The Obama WHite House kicked off its "get in line or else" campaign against the media with it's now infamous assault against Fox News Channel, a post that the WSJ's OpinionJournal picked up and ran with.
But brashness of the White House's attack on FNC was (eventually) too much even for the rest of the W.H. reporters and they started to push back, perhaps understanding, as I wrote, that FoxNews Channel was the actual target. "The bullseye target of this campaign is all the public media."
But White House's war against a free press has continued. Just last month ago there was White House retaliation against the San Francisco Chronicle newspaper because its White House pool reporter - gasp! - used her cell phone to record and post online video of "a protest at a San Francisco fundraiser" for the Obama campaign. The White House's weak excuse was that reporter Carla Marinucci was a print reporter and had no business taking video of anything. Seriously, that's what the W.H. said.
And mind you, San Francisco is perhaps the most liberal media market in the whole country.
So today it is Boston's turn.
The White House Press Office has refused to give the Boston Herald full access to President Obama’s Boston fund-raiser today, in e-mails objecting to the newspaper’s front page placement of a Mitt Romney op-ed, saying pool reporters are chosen based on whether they cover the news “fairly.”Glenn Reynolds gets the last word in the column:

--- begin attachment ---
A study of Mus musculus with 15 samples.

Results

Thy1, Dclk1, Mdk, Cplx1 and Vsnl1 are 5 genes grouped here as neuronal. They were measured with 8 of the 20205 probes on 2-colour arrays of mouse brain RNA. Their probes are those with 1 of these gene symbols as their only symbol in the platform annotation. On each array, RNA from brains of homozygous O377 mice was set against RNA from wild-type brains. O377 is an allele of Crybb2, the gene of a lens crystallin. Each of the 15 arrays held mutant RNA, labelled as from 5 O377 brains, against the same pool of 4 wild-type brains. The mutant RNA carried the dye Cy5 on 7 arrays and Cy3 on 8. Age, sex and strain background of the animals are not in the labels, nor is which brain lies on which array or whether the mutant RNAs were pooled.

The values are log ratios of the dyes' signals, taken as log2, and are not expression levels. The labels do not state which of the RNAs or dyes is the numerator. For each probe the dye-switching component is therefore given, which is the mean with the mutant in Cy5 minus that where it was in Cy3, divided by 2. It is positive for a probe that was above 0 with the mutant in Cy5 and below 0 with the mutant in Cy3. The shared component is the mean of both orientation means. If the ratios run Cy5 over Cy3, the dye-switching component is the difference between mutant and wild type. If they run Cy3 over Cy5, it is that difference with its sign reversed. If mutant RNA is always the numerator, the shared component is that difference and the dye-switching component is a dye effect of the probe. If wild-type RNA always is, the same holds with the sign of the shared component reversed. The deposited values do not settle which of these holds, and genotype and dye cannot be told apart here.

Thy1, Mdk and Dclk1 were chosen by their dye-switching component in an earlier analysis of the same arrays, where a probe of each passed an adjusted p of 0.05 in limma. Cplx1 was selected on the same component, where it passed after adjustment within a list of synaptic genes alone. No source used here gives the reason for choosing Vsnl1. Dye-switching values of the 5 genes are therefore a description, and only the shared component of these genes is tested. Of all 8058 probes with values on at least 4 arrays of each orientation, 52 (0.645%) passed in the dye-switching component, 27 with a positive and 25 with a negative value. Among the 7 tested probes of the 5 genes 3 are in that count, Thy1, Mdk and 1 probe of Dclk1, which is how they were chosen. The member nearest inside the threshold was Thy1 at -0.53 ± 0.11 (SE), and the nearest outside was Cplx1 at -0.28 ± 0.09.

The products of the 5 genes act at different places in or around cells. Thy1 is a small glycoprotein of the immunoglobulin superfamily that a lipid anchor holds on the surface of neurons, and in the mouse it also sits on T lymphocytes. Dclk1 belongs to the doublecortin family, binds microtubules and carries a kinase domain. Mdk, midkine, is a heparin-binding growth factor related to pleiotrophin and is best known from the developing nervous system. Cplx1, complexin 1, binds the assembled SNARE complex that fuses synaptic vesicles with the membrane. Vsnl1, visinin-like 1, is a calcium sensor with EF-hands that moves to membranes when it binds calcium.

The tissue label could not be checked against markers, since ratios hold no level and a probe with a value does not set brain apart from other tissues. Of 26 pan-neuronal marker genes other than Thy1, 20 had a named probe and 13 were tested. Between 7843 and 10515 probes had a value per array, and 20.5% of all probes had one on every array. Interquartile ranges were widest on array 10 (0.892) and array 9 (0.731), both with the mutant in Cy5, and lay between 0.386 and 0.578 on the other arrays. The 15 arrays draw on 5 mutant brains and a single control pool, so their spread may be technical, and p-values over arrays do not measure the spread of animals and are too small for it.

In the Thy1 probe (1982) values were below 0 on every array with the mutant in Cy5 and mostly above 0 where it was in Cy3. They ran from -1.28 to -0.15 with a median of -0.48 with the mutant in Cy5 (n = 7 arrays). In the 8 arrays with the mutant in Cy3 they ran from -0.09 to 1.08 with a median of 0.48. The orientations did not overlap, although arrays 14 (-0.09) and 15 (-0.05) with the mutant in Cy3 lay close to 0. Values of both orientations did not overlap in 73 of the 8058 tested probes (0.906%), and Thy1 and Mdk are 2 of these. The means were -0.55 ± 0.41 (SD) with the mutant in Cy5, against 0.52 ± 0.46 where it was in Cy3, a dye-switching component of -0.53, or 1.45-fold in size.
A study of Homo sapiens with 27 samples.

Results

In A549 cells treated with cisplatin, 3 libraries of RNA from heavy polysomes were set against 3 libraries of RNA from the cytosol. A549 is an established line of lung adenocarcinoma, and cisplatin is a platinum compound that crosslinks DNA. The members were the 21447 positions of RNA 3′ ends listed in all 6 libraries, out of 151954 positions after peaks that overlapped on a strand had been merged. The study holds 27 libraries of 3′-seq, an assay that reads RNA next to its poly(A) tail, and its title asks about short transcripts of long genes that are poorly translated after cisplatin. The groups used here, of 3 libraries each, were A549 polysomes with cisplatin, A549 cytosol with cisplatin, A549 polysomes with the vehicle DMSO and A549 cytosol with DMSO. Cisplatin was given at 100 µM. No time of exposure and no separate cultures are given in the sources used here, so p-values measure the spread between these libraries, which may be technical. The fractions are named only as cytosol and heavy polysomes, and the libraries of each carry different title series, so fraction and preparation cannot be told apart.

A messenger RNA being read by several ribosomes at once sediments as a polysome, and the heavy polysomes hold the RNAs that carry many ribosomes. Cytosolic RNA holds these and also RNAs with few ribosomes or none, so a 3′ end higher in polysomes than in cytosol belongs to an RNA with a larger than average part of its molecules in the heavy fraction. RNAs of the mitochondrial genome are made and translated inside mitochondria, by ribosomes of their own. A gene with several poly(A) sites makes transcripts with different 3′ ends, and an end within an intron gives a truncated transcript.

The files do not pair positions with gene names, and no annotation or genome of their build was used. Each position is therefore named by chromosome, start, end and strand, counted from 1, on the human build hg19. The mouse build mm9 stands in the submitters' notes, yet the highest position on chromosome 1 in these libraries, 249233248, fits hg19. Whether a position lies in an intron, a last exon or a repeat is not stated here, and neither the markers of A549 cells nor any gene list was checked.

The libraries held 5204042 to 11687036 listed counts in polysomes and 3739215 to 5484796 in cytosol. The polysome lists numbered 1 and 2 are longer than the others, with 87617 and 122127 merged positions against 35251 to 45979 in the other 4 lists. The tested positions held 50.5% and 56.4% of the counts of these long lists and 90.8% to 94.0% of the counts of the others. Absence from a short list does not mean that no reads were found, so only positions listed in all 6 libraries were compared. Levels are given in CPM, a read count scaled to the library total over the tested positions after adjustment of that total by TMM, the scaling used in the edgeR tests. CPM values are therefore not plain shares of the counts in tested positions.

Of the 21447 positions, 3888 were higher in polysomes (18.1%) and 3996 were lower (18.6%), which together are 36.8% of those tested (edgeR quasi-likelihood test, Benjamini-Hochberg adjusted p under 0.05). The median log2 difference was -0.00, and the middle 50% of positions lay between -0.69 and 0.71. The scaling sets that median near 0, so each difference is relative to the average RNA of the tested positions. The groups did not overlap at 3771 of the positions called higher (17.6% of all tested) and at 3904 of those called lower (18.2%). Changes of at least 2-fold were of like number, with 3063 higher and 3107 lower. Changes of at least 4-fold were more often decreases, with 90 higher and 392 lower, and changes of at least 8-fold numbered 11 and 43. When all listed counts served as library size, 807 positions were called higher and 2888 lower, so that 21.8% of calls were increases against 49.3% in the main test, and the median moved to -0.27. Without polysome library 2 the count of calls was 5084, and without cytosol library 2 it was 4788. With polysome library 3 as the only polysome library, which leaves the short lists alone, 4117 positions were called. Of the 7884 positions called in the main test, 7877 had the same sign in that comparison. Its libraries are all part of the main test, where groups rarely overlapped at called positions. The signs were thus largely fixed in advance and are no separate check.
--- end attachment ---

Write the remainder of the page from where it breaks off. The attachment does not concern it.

“I tend to consider the degree to which papers have demonstrated to covering the White House regularly and fairly in determining local pool reporters,” White House spokesman Matt Lehrich wrote in response to a Herald request for full access to the presidential visit.
Glenn Reynolds, a University of Tennessee law professor who has followed White House-press relations at right-leaning Instapundit.com, said a pattern appears to be developing.But that's is all "progressivism" is about: control. And more than anything, they want to control discourse and debate. From such control, all other power can be gained.
“It’s all about control,” Reynolds said. “At some point this will blow back on them. Most presidents behave in a more refined fashion. Experience has shown that acting presidential is good politics and to their advantage.”
Update: Related - "Veteran Journalists: Today's White House Reporters Are Too Timid"
And longtime NBC and ABC reporter Sander Vanocur: "You want to know what's wrong with the press? The press is what's wrong with the press.